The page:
Their paths to Senior Night have been as different as their accomplishments on the basketball court.

Along the way, Cayla McMorris, Kendall Shaw and Malayna Johnson have learned some valuable life lessons, the ability to deal with adversity being among the foremost of them.

One measure of that adversity is that only McMorris is certain to see any playing time tonight when the Badgers (9-17, 2-11 Big Ten Conference) meet Rutgers (18-9, 6-7) in the Kohl Center finale.

McMorris, a 6-foot wing from Brooklyn Park, Minnesota, has had by far the most success on the court. She ranks 24th on UW’s all-time scoring list with 1,016 points and figures to climb at least a couple spots before the season ends. But those personal achievements have been muted by team struggles. The Badgers are closing out their seventh straight losing season and are just 34-81 (.296) in her four years.

That’s not exactly what McMorris anticipated when she decided to come to UW, becoming former coach Bobbie Kelsey’s highest-ranked recruit. But she has learned that not all rewards can be measured by winning percentage.

“It teaches you to push through and work hard,” said McMorris, who is averaging a career-high 13.6 points. “Everyone wants to go to a postseason tournament, but if not I just feel that helps you grow as a person, just being able to handle things that don’t go your way.”

For Shaw, it’s perhaps fitting that her status for tonight was uncertain because of an ankle injury sustained in practice on Saturday. Injuries have been a recurring theme through Shaw’s career, which is the reason it lasted six years.

Shaw, a 6-4 center from Mont Belvieu, Texas, started her career at Vanderbilt, where she missed one year with a knee injury and most of a second with an ankle injury. But that opened the door for her to become a graduate transfer to UW, where she had been recruited by both Kelsey and her predecessor, Lisa Stone.

“I guess the third time’s the charm,” said Shaw, who is averaging 4.0 points and 2.8 rebounds. “Obviously, I’ve been through a lot with injuries but I wouldn’t regret continuing to play for my fifth and sixth years. It’s definitely been worth it. It got me here.”

Injuries also have been the theme of Johnson’s career, which was cut short by two torn ACLs, the second of which ended her playing career late last season. That’s not exactly what she envisioned when she came to UW five years ago.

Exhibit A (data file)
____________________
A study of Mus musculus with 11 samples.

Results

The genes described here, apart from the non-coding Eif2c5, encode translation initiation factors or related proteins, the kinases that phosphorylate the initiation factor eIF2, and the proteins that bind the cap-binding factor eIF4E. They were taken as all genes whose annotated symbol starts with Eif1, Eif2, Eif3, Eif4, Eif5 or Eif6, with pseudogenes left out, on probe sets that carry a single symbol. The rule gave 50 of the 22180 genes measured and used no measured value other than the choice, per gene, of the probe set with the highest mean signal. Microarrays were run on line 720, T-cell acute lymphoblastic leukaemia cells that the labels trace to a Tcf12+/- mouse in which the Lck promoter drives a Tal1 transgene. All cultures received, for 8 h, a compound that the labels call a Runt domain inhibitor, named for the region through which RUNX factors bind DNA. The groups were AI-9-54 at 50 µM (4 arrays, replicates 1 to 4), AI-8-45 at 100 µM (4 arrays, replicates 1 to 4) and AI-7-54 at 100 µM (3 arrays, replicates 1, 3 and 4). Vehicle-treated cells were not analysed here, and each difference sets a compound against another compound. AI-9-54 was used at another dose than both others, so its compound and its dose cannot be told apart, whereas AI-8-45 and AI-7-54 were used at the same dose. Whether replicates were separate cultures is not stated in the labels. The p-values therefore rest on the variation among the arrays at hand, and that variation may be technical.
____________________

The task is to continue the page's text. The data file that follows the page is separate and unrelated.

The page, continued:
“My first year I had different dreams from where I am now,” said Johnson, who no longer is on the roster but still comes to practice. “But I think along the way there was a lot of transition. Life happens and you’ve got to change your goals.”

Despite being limited physically, coach Jonathan Tsipis is pleased with the maturity Shaw and Johnson have brought to the program off the court and the growth and leadership McMorris has demonstrated as she transitioned from a role player to team leader.

“The biggest part is how they grow as young women,” he said.

McMorris, who plans to pursue a professional career, most likely overseas, is on track to graduate in May with a degree in communication arts and ultimately would like to work somewhere in sports journalism.

Shaw, who earned two undergraduate degrees at Vanderbilt, is completing her master’s degree in educational leadership and policy analysis, focusing on athletic administration and leadership. Her career goals are a little fuzzy.

“I’m all over the place,” she said. “Part of me wants to stay in college athletics, whether it’s coaching or being a director of operations, working community relations. Another route I’m thinking is working with kids in some way.”

Johnson is halfway toward earning her graduate degree in social work and plans to finish it next year either at UW or closer to her home in Bellwood, Illinois.

“I want to be a school social worker for a middle school,” she said. “I really like working with kids, especially kids that are disadvantaged, helping them achieve their goals and let them know that life can change no matter where you start.”